The Fresh Toast report on the open secret that is the slow agonising death of the High Times brand and publishing business.
Here are some key points from their in depth report…
Shockingly, April came and went without an IPO from HighTimes Holding Company. Once again the leaders at High Times teased that the beleaguered shareholders would finally see their shares hit the public markets only to have the day come and go with nothing happening.
The company didn’t issue a press release at the time and Horvath only spoke to Cheddar. No other news outlets had this scoop, but then most of the cannabis media is skeptical of any of High Times claims of going public.
This proclamation of a 420 IPO came as a surprise because the company was essentially shut down with regards to selling its stock according to a story on the Cannabis Law Report. The story reported that because the company hadn’t updated its financial statements since 2019 and the Securities & Exchange Commission (SEC) would not allow the company to sell more shares. Companies are required to provide current financial reports to investors by the SEC. High Times made a big fuss and threatened any reporters who wrote about the issue with legal action, however, the reporting was accurate and the company even noted in its most recent Form U-1 that the offering is pending the updated financial statements.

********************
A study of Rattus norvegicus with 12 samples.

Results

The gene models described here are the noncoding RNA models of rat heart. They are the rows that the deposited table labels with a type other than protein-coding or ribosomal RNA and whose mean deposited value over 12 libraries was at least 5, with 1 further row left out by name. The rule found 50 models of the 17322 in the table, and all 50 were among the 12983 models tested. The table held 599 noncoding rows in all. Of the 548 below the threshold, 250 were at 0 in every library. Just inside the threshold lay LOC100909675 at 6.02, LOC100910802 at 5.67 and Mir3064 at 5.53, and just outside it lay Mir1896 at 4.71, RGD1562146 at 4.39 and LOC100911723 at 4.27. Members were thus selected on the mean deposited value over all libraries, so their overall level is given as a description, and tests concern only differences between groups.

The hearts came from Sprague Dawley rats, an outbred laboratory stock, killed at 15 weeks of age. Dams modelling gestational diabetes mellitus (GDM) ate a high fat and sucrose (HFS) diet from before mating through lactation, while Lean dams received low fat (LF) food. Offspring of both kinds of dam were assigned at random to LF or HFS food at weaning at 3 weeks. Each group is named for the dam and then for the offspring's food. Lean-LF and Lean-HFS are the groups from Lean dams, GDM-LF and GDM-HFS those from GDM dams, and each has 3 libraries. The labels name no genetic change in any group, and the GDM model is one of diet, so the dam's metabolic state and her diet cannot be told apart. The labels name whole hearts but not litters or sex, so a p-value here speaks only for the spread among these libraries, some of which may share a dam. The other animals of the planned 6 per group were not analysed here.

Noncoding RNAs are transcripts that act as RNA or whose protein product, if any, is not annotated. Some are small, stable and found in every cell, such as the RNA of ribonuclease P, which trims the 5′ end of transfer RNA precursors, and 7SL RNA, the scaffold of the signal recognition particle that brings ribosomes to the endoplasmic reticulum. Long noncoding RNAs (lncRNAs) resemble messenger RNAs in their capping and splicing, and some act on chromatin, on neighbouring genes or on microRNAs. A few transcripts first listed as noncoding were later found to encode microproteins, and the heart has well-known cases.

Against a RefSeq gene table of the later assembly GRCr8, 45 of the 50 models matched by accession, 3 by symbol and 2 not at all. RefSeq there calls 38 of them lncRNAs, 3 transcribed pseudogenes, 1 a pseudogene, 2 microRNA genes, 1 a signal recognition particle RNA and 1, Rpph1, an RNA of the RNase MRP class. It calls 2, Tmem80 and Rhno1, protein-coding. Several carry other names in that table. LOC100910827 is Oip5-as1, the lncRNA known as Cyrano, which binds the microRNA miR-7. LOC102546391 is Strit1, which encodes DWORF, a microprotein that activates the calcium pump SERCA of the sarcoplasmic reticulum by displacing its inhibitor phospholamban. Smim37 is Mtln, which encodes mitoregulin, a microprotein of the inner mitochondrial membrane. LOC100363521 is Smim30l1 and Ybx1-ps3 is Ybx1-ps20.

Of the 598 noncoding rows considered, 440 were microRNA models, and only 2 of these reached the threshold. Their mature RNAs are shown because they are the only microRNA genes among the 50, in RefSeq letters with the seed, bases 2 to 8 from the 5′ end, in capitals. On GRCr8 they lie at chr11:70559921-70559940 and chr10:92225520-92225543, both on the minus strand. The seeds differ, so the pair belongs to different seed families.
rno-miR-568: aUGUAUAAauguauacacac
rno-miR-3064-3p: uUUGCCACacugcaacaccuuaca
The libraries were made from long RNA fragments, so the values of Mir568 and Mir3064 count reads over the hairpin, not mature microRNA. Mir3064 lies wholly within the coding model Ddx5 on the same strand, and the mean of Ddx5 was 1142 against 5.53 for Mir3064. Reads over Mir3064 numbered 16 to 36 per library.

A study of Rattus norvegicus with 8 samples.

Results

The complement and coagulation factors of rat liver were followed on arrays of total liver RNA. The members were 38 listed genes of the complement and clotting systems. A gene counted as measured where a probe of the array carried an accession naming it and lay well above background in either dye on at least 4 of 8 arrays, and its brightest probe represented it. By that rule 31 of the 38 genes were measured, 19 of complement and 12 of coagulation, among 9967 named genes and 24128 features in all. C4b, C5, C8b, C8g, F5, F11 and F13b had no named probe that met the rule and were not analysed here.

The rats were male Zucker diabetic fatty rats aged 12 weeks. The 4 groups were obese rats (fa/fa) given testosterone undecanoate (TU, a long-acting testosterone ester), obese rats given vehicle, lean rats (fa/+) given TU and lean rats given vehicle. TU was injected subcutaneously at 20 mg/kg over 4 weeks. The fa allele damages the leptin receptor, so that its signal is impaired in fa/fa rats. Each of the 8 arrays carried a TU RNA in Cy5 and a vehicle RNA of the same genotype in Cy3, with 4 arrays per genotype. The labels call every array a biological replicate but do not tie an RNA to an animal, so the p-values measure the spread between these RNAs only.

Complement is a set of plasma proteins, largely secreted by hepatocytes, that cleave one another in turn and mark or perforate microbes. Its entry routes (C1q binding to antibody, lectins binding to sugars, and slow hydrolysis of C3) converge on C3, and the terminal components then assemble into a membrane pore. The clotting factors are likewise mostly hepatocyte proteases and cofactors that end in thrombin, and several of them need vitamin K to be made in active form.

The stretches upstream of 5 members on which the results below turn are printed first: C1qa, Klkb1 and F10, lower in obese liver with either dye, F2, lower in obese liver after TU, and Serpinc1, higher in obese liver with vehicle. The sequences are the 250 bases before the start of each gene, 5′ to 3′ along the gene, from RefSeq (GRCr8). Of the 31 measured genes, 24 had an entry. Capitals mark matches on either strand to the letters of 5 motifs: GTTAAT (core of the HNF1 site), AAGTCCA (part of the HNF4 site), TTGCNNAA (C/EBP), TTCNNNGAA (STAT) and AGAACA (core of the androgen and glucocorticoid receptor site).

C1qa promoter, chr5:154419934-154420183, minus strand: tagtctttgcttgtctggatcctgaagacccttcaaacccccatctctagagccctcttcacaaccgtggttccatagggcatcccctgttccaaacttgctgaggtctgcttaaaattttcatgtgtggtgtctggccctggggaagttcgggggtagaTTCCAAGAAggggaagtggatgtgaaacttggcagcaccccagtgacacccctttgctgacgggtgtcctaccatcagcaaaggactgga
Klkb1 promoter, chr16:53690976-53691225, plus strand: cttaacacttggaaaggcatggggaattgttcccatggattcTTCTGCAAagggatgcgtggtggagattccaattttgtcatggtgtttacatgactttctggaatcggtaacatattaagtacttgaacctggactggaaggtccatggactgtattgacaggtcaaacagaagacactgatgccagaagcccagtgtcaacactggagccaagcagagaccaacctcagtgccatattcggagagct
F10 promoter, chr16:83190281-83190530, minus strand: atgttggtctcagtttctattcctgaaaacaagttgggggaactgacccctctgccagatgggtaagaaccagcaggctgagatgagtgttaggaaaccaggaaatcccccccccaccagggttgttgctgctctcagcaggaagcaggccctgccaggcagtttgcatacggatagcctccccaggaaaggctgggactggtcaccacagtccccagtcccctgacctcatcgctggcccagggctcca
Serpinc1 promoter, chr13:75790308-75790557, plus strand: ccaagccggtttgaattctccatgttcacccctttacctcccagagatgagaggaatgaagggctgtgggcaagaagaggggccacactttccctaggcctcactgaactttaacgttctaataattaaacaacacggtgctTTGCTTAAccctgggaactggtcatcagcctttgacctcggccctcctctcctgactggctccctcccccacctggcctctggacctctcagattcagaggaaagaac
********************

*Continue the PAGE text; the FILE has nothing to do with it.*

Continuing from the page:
Horvath and High Times seem to be made for one another. Both talk a big game and fail to deliver. Horvath had previously been the CEO of Green Growth Brands (GGB) which is no longer in business. Horvath had a retailing background with mainstream brands like Victoria’s Secret and DSW. He frequently stated in the early days of GGB that he was going to show cannabis people how “retail is done.” He wasn’t shy at dismissing cannabis dispensary owners as not knowing what they were doing. Of course, many of those same dispensary owners are thriving, while Horvath ran his company into the ground.
While CEO of GGB, Horvath consistently made business arrangements using GGB stock as payment, like paying for retail consultants. That stock is now worthless. High Times has also made numerous deals in which CEO Adam Levin has paid with High Times stock. Stock that still isn’t tradable and was originally sold at $10 a share. High Times has lately valued the stock at just $1 a share in certain business agreements.
Horvath is High Times’ third CEO in as many years and many believe he is not an acting CEO. For example, the documents for any recent deals announced by High Times are signed by Chairman Adam Levin, not Horvath.
And the kicker
When the company releases these statements, investors might not like what they see. It is expected that the debt is enormous. The company has begun shifting its lucrative assets to a separate subsidiary and no one knows whether the original High Times Holding Company shareholders will have any claims on those assets. High Times said it so far has raised $35 million from more than 30,000 shareholders.